Rebecca Rommen   

Disabled travel blogger carried off Air Canada-operated flight in 'broken aisle chair'
  • A Canadian travel blogger said she was carried off an Air Canada-operated flight in a "broken aisle chair."
  • Tori Hunter, 26, uses an electric wheelchair due to a neuromuscular condition.

A travel blogger has spoken out about wheelchair accessibility on aircraft after she was left "distraught" while being carried off of a plane.

Tori Hunter, 26, posted a video of herself being carried down an airstair in a "broken aisle chair" that she said had "no armrests, straps that wouldn't tighten enough to keep my body in, and front wheels that were busted off."

Hunter, who uses an electric wheelchair due to a neuromuscular condition called spinal muscular atrophy, had been on an Air Canada flight to Costa Rica when the incident occurred.

"The individuals that were sent to help me disembark this plane likely had very little training on how to do so; they kept having to place the chair down from not having the correct grip, and they were holding the chair completely sideways," Hunter wrote on Instagram.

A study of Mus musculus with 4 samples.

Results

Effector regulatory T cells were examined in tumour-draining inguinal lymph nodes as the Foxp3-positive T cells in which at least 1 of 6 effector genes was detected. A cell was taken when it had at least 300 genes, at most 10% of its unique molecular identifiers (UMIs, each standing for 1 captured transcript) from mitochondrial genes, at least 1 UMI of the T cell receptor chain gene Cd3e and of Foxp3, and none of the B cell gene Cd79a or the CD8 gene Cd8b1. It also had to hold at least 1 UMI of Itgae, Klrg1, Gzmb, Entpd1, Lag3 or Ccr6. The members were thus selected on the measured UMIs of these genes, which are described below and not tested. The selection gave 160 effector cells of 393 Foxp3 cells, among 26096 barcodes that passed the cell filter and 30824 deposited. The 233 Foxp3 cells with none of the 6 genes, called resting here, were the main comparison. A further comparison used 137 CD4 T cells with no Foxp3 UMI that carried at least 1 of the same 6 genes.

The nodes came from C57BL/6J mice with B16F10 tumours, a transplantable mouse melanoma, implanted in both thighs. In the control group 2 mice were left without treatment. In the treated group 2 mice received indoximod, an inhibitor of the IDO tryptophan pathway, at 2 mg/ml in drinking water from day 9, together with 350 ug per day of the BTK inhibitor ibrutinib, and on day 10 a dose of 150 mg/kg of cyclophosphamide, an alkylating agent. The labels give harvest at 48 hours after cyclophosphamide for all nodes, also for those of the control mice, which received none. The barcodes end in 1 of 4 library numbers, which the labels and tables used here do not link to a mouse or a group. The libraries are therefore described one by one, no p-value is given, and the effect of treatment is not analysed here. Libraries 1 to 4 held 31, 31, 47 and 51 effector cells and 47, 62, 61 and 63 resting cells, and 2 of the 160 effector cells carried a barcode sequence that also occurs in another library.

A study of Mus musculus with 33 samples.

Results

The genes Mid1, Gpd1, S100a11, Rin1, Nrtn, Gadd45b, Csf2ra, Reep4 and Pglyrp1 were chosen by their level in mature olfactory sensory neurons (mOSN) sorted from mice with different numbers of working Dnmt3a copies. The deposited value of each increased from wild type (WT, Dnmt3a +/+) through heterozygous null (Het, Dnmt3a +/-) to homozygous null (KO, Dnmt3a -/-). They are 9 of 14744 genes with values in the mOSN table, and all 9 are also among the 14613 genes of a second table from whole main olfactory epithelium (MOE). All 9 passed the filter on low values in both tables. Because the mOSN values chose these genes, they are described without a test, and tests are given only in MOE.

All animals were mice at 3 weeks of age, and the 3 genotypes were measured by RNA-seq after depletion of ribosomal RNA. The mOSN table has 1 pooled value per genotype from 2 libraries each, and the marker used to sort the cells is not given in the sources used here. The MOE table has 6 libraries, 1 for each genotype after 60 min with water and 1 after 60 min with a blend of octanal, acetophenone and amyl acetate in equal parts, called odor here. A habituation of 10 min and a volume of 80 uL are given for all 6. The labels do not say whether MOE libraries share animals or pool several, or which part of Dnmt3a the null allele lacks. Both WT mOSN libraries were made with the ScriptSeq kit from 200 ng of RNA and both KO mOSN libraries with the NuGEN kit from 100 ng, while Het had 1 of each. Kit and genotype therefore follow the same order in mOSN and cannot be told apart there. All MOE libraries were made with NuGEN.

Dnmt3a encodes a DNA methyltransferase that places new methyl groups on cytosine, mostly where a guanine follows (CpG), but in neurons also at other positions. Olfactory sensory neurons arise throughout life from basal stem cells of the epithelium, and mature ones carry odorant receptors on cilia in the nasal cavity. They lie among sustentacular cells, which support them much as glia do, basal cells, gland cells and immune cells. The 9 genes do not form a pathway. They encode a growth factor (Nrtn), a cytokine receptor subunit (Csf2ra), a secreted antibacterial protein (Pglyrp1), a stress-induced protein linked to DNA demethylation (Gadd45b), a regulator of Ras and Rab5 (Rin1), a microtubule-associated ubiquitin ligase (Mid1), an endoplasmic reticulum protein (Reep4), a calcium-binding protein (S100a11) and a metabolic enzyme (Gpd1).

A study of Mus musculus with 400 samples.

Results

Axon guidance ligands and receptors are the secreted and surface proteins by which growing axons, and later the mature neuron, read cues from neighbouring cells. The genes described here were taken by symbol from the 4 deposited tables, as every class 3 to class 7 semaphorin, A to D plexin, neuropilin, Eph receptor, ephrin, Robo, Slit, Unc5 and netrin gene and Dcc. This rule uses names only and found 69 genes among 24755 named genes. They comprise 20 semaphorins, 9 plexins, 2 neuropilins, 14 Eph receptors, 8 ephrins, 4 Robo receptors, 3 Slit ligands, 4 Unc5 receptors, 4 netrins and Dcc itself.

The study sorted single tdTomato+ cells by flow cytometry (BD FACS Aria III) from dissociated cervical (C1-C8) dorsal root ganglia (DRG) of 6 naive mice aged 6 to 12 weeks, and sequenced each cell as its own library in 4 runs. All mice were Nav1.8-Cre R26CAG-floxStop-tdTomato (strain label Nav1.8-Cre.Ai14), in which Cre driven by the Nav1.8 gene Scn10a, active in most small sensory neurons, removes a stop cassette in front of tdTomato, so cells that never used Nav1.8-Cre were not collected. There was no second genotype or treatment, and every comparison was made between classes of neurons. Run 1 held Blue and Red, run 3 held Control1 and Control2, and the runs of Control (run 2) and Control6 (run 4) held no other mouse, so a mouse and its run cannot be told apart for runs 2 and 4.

"I was never informed that this would be how I would have to disembark the plane, and it never crossed my mind given that this airport DOES use jet bridges," she added. "It's 2024, disabled people deserve a more dignified and safe way to fly."

Business Insider has reached out to Hunter for comment.

According to a report by the US Department of Transportation, more than 51% of the 33,631 complaints received by 180 carriers in 2021 "concerned the carriers' failure to provide adequate assistance to persons using wheelchairs."

The department said it was "focused on improving air travel for persons with disabilities, including those who use wheelchairs."

In a statement to BBC News, Air Canada said that it had followed all the protocols for helping passengers with disabilities.

"However, as part of our accessibility plan, we will be reviewing airport procedures, including for smaller foreign stations, with the aim of working with local airport and other partners to find ways to provide more consistent service," it added.

Air Canada did not immediately reply to a request for comment from Business Insider, which was made outside regular working hours.

Air travel can be a huge source of anxiety for wheelchair users.

Ryan Rae Harbuck, who has been paralyzed for nearly 27 years, wrote an essay for Business Insider in March describing what it's like.

"Being a passenger on an airplane when you are a wheelchair user is giving up all reigns of mobility and independence," Harbuck wrote. "It's like taking away your legs and expecting you not to say a word about it."